In what could be the next Obamacare case to go before the Supreme Court, an appeals court ruled today the Little Sisters of the Poor must comply with the health care law’s contraception mandate and allow employees to have access to coverage of contraception and abortion-inducing drugs.
The U.S. Court of Appeals for the 10th Circuit ruled today that Little Sisters of the Poor, a nonprofit religious organization which serves the elderly worldwide—and four Christian universities in Oklahoma joining them in the suit—must abide by Obamacare’s contraception mandate.
“Although we recognize and respect the sincerity of plaintiff’s beliefs and arguments, we conclude the accommodation scheme relieves plaintiffs of their obligations under the mandate and does not substantially burden their religious exercise under [the Religious Freedom Restoration Act] or infringe upon their First Amendment rights,” the judges wrote in their ruling.
The accommodation scheme requires religious organizations that object to the contraception mandate to notify the Department of Health and Human Services of religious-based objections. The government will then notify the insurance company or third-party administrator, which then provides coverage directly to the employees.
Last week, the Obama administration released its final rule for the accommodation scheme.
“The departments have made opting out of the mandate at least as easy as obtaining a parade permit, filing a simple tax form, or registering to vote—in other words, a routine, brief administrative task,” the court said in its ruling.
Little Sisters of the Poor provides employers with insurance through the Christian Brothers Employee Benefit Trust and Christian Brothers Services. The Little Sisters care for more than 13,000 elderly poor in 31 countries.
“For over 175 years, we have served the neediest in society with love and dignity,” Mother Provincial Sister Loraine Marie Maguire said in a statement. “All we ask is to be able to continue our religious vocation free from government intrusion.”
In responding to the accommodation scheme, Little Sisters of the Poor argued that participating in this “contraceptive delivery scheme” made them complicit and thus violated their religious beliefs. Instead, the group sought to be treated the same as houses of worship, like churches, which can exclude contraceptive coverage from insurance plans.
The appeals court ultimately rejected their argument. Just one judge on the three-judge panel dissented.
“In reality, the accommodation scheme forces the self-insured plaintiffs to perform an act that causes their beneficiaries to receive religiously objected to coverage,” Judge Bobby Baldock wrote in his dissent. “The fines the government uses to compel this act thus impose a substantial burden on the self-insured plaintiffs’ religious exercise.”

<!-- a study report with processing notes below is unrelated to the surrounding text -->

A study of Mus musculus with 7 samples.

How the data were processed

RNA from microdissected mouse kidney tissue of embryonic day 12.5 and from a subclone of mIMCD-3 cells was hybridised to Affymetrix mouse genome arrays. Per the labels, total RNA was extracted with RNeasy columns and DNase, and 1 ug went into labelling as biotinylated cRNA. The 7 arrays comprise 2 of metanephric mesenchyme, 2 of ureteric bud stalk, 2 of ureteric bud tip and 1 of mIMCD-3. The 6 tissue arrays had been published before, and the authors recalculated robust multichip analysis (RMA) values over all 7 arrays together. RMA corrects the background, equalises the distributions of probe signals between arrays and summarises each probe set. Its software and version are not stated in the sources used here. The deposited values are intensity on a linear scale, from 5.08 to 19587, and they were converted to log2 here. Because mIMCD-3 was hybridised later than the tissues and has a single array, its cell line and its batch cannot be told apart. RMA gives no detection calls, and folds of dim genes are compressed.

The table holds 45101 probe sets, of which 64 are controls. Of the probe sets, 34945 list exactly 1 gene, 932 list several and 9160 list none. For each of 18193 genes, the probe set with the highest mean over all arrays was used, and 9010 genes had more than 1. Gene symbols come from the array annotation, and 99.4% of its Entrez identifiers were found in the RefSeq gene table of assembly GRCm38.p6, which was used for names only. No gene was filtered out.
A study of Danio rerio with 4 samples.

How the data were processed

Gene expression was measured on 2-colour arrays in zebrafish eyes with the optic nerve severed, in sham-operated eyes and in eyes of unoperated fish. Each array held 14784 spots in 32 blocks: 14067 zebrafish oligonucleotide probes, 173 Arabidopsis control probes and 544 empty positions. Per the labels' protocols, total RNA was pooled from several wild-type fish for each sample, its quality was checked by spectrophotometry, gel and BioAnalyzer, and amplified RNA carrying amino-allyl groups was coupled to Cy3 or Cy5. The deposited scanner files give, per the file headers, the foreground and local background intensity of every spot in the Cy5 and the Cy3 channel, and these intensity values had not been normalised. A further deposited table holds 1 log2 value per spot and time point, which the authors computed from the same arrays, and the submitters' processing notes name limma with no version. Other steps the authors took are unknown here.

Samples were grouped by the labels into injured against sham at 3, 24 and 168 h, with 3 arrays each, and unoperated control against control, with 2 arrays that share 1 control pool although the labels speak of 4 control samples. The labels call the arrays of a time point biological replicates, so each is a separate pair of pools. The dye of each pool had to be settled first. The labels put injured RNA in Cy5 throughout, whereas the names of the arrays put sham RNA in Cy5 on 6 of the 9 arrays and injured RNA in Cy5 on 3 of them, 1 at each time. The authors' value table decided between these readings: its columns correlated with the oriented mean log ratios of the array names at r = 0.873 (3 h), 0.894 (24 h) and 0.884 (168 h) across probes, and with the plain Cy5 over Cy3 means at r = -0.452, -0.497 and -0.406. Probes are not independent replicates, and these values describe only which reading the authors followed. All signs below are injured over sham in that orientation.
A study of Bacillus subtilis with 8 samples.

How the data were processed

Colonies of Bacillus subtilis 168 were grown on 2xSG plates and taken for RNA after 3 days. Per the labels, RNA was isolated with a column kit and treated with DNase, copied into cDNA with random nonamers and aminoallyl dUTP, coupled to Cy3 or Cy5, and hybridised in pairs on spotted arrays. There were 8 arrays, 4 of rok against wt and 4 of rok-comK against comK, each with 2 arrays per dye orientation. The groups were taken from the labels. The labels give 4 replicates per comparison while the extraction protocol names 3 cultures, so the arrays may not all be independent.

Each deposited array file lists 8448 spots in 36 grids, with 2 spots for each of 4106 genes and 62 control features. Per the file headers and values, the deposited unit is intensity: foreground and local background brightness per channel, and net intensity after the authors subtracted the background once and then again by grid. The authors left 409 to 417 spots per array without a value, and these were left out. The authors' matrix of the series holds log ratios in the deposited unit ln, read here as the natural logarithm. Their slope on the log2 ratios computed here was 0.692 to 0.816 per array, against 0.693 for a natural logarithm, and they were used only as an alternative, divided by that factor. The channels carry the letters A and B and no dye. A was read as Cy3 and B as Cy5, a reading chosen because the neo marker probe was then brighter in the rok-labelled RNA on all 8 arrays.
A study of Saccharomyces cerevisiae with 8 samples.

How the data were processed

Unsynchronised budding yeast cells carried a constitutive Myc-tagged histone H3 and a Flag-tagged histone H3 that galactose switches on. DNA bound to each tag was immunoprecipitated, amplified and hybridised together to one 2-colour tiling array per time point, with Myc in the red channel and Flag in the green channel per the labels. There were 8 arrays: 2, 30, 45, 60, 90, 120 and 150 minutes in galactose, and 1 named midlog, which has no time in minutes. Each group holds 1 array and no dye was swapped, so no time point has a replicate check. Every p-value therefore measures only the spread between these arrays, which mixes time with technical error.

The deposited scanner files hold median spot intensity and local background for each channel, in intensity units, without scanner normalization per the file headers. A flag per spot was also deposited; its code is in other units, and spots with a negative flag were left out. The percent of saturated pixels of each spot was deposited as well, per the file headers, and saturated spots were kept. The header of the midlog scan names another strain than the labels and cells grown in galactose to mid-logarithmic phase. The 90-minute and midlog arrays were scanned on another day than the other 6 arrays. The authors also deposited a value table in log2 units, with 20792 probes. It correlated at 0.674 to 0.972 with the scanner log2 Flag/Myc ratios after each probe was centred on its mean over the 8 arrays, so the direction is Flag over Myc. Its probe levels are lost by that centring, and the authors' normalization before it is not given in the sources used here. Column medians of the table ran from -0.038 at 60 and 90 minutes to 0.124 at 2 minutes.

The Little Sisters of the Poor must now comply with the contraception mandate, pay the fines to the Internal Revenue Service or apply for an exemption from the Department of Health and Human Services.
The mandate requires employers to provide workers with health insurance plans that cover contraception and abortion-inducing drugs. Organizations that don’t comply are forced to pay a penalty to the Internal Revenue Service.
Religious groups protested the contraception mandate, arguing that providing contraception and abortion-inducing drugs violated their beliefs. The Little Sisters of the Poor estimated that refusing to abide by the mandate would cost the nonprofit $2.5 million per year in penalties.
“It is a national embarrassment that the world’s most powerful government insists that, instead of providing contraceptives through its own exchanges and programs, it must crush the Little Sisters’ faith and force them to participate,” Mark Rienzi, a lawyer with the Becket Fund for Religious Liberty who represented Little Sisters of the Poor, said in a statement.
“Untold millions of people have managed to get contraceptives without involving nuns, and there is no reason the government cannot run its program without hijacking the Little Sisters and their health plan,” Rienzi continued.
The 10th Circuit’s ruling comes after U.S. Supreme Court Justice Sonia Sotomayor issued an 11th-hour temporary injunction protecting Little Sisters of the Poor from enforcement of the HHS mandate just before Jan. 1, 2014. Then, weeks later, the high court granted the group an emergency order of protection while they appealed the case at the 10th Circuit Court of Appeals.
Little Sisters of the Poor is deciding whether they will take the case to the Supreme Court.
“We will keep on fighting for the Little Sisters, even if that means having to go all the way to the Supreme Court,” Daniel Blomberg, a lawyer at the Becket Fund, said in a statement.
The circuit court’s ruling comes one year after the Hobby Lobby case, in which the Supreme Court ruled that businesses with religious objections to the contraception mandate can opt out of it.
“There are plenty of other ways for the government to provide coverage of these drugs and devices without hijacking the health plans of nuns and missionaries,” Sarah Torre, a policy analyst at The Heritage Foundation, told The Daily Signal. “Hopefully, the Little Sisters and other religious groups will ultimately find protection from this coercive mandate. But to truly protect religious freedom and individual liberty, Obamacare and all its onerous mandates must be stopped.”